OKLAHOMA CITY (KFOR) – Women’s sports has been a hot topic for the last few weeks, after a transgender woman won an NCAA swimming race. Today, a controversial bill that would make that participation illegal became law in Oklahoma.
Last year, the State Senate failed to hear SB2, what its authors call the “Save Women’s Sports” bill. This year the Senate Pro Temp. Greg Treat said due to that recent event, circumstances have changed.
The bill passed through last week to the Governor’s desk.
“How is it fair for female track athletes or swimmers who have been training since they were 12 years old to lose in a high school competition to a biological male? It’s simply not fair and it won’t happen in the state of Oklahoma,” said Governor Kevin Stitt.
On Wednesday, Governor Stitt signed the bill into law in front of a packed house of legislators and female athletes.
SB2 prohibits anyone born biologically male from playing on school athletic teams designated for females, women, or girls.
Sen. Julie Daniel of Bartlesville saying, “Five decades of Title IX is going to be very quickly undone taking the scholarships. What about the opportunities for young women? what about leveling the playing field so they can compete at the high level?”
“I want to protect her every young woman from having to compete against a guy in their sport. Losing out on scholarships and opportunities and educate benefits is just not right,” said Sen. Micheal Bergstrom of Adair.
But opponents say the bill is written out of fear and ignorance.
“SB2 is a dangerous, harmful, slippery slope. It’s more than just about sports. This is a slippery slope. Bills like this have a horrifying implication and a ripple effect on our young ones,” said LGBTQ+ activist, Kendra Wilson Clements.
However, female athletes at the signing today see things differently.
“I believe that all young women deserve the opportunity to excel at whatever sport they choose to be passionate about,” Levi Gladd, current OU athlete.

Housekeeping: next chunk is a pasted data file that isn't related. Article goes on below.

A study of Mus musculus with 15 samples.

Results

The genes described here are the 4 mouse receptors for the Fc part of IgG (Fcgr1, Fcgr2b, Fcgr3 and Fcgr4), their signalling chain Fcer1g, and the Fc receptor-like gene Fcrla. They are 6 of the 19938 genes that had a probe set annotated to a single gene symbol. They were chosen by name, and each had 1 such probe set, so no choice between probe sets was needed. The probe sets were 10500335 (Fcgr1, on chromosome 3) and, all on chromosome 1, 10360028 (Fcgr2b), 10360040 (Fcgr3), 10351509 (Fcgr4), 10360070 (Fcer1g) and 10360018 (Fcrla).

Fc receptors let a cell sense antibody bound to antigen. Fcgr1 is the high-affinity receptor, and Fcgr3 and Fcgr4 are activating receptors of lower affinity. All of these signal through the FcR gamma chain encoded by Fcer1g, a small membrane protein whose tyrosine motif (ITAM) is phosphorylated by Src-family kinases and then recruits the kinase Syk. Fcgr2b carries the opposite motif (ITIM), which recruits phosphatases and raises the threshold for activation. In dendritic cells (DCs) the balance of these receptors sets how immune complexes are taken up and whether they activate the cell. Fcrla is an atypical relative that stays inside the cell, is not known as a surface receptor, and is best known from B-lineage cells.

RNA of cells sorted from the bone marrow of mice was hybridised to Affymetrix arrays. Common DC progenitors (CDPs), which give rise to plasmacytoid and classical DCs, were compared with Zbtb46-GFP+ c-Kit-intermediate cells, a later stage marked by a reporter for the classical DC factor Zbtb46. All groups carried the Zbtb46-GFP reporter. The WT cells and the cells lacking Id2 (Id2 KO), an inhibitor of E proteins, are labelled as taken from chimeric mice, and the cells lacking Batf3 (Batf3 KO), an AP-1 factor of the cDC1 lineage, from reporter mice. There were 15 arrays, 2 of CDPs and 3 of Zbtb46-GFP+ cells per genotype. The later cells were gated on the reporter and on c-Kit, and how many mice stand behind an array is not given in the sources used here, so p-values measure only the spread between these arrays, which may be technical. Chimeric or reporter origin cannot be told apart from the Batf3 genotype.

Last year, the NCAA said they would pull their events from states that passed similar bills. But NCAA championships have been held in some of the 12 states that have similar legislation in the last 12 months.
“Even if NCAA has problem with it, we are going to do what’s right for all these ladies behind me,” said Stitt.
The OU Athletics Department sending out this statement,
“The University of Oklahoma Athletics Department continues to embrace diversity and inclusion and is committed to creating an environment of belonging where those who play for us, work for us and support us are welcomed as their true, authentic selves. We are proud of our long and successful record of hosting NCAA championship events and recognize the opportunities and enjoyment they afford everyone involved, as well as the positive economic impact they have on our communities and our state. We are devoted to working alongside the NCAA to ensure an atmosphere of respect, equal treatment and safety for all.”
“SB2 is simply trying to solve a problem that does not exist in the State,” said Cindy Nguyen of ACLU Oklahoma.
The OSSAA confirms there have been no documented cases where this has been a problem, but issued a statement saying:
“With Governor Stitt signing the Save Women’s Sports Act in to law this morning at the State Capitol, the Oklahoma Secondary School Activities Association will now comply with the new state law.”
“If it’s not happening in Oklahoma, then great, there is nothing to worry about. But we are making sure it doesn’t happen,” said Stitt.
But the State of Oklahoma may have other problems on the horizon when it comes to SB2, namely lawsuits.
“So we truly believe that these are unconstitutional. We think we have Supreme Court case law on our side,” said Tamya Cox-Toure of ACLU Oklahoma.
“People can pursue their life how they see fit, but that doesn’t give you the right to compete in women’s sports,” said Stitt.
We reached out to the NCAA for official comment we have not heard back.